Lakewood, Ohio, population 51,000, doesn’t have any school buses. It never has.
Because of the way its schools were designed and sited, this inner-ring Cleveland suburb doesn’t need buses — every child in the district lives less than two miles from their classroom, and most are within one mile.
Lakewood calls itself a “walking school district.” It’s one of just a small handful in the state of Ohio. “Our community likes the walking,” said Lakewood City School District spokesperson Christine Gordillo. “That’s kind of one of our brands.”
The school system runs a small transportation program for students with special needs — about 100 students use it, out of 5,800. The rest of the students are on their own, whether they walk, bike, or get a ride (Lakewood doesn’t track how students travel). To transport students to sporting events, the district contracts with another school system.
Gordilla estimates the policy saves the district about $1 million a year, and that allows it to devote more resources to the classroom.
“Parents are really appreciative that we do not constantly have to worry about big budgets for school buses,” says Kristine Pagsuyoin, mother of a sixth and eighth grader in the district.
The city’s history has set the stage for the walkability of its schools. An old streetcar suburb, Lakewood was incorporated in 1911, before cars were in wide use. So the city has always been walkable and compact, and schools were no exception. All of the district’s school buildings are multi-story — which makes them more compact and walkable — and they’re all sited on smaller lots, in the middle of residential neighborhoods.
Over the years, as the school district has modernized and reduced the number of schools, Lakewood has consciously continued to make walking to school a high priority. In the early 2000s, the city underwent a facilities masterplanning process as it began updating and consolidating many of its school buildings. Gordillo said parents made it clear during that process that they value the walkability of the school district and wanted things to remain as they were.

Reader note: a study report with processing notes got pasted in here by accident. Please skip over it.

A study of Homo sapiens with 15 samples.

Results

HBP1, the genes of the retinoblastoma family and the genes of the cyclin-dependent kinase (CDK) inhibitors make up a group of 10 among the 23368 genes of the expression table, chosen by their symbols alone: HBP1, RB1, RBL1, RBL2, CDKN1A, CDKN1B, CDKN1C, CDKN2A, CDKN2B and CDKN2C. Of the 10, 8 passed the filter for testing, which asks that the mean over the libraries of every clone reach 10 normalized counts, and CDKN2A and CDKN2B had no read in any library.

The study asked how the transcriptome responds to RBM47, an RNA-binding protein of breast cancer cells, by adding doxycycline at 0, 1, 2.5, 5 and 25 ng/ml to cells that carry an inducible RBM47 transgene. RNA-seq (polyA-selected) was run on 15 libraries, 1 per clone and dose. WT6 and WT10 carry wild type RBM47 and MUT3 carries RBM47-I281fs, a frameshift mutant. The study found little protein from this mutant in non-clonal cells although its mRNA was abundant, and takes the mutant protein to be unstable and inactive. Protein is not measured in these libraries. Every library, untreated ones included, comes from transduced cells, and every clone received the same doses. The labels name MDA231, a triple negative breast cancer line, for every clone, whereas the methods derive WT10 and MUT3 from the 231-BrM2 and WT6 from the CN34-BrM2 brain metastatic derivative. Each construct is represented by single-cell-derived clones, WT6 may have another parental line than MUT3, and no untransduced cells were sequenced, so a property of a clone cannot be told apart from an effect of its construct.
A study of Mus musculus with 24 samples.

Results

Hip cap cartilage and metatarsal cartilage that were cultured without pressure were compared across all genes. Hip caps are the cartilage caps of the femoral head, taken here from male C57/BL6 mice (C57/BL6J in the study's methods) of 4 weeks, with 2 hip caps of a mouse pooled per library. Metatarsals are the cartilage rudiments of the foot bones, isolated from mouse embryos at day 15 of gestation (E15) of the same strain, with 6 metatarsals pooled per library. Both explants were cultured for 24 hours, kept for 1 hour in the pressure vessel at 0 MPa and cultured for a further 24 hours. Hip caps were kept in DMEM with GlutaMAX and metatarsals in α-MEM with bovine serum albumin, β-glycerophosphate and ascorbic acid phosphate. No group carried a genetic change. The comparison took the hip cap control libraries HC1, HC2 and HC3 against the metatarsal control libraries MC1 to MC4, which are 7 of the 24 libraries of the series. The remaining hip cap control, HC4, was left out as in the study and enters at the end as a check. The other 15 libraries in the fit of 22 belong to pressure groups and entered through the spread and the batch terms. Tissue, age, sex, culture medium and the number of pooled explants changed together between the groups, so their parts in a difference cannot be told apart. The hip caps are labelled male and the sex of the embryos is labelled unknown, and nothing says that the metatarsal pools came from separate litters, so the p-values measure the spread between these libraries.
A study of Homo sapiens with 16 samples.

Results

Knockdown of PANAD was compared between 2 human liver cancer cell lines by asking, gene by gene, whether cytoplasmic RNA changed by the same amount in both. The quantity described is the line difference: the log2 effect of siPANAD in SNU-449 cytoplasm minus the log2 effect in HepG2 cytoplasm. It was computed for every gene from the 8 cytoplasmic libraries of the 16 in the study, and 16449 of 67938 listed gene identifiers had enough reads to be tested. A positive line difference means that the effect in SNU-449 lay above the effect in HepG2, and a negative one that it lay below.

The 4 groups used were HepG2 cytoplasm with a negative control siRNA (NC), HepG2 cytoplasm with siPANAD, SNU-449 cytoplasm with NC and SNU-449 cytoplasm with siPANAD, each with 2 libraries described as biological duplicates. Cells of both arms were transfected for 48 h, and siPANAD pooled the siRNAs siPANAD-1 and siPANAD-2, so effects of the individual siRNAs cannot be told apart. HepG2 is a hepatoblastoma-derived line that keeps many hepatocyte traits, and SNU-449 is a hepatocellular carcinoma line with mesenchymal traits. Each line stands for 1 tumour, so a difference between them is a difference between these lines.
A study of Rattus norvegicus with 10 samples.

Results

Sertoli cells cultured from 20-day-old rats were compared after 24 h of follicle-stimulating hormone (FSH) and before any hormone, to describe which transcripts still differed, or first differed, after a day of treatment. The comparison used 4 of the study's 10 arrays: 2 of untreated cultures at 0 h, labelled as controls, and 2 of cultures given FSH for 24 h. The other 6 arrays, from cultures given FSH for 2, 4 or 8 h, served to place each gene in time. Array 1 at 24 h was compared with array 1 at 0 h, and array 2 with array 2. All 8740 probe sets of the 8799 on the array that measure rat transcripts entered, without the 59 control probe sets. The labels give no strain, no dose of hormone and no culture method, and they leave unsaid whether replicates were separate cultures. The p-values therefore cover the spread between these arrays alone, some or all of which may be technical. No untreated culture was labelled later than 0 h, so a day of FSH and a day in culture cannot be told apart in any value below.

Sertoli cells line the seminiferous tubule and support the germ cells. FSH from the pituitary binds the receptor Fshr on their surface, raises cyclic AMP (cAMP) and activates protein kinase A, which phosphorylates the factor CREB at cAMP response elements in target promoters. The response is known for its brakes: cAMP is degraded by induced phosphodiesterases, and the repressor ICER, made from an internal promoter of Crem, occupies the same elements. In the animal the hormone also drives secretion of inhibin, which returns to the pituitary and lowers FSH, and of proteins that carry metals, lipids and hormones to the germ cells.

So the district made its school-bus free transportation policy a continuing priority. When Lakewood reduced the number of schools, it made sure they — especially the elementary schools — were spaced out to be close to as many students as possible. Rather than trading the older, walkable buildings for a more sprawling style, many of the historic school buildings underwent historic preservation treatments. That means no giant parking lots either. Some parents or visitors might have to park on a nearby street.
Part of the walkable design was by necessity. Lakewood is a “built-out” community, meaning all of its developable land is already occupied. Building a sprawling car-centric campus far away from where families live wasn’t an option, the way it is for a lot of suburban districts.
“We only had the sites to work with,” Gordillo said. “We didn’t have a big chunk of land where we could build a new school with more parking.”
Pagsuyoin says both of her children walk on their own about a mile, except when it’s very cold or her daughter needs to transport her cello. The exercise makes her feel more confident her children are getting enough physical activity, especially her son, who loves computer games.
“There’s sort of this spirit in Lakewood, get your kids walking,” she says. “Kids will say, ‘I don’t feel like walking today.’ I know my response and many parents is, ‘Just start walking.'”
Both she and Gordillo says there’s something intangible gained as well.
“It does create community that is hard to accomplish in districts where people are more spread out,” said Pagsuyoin.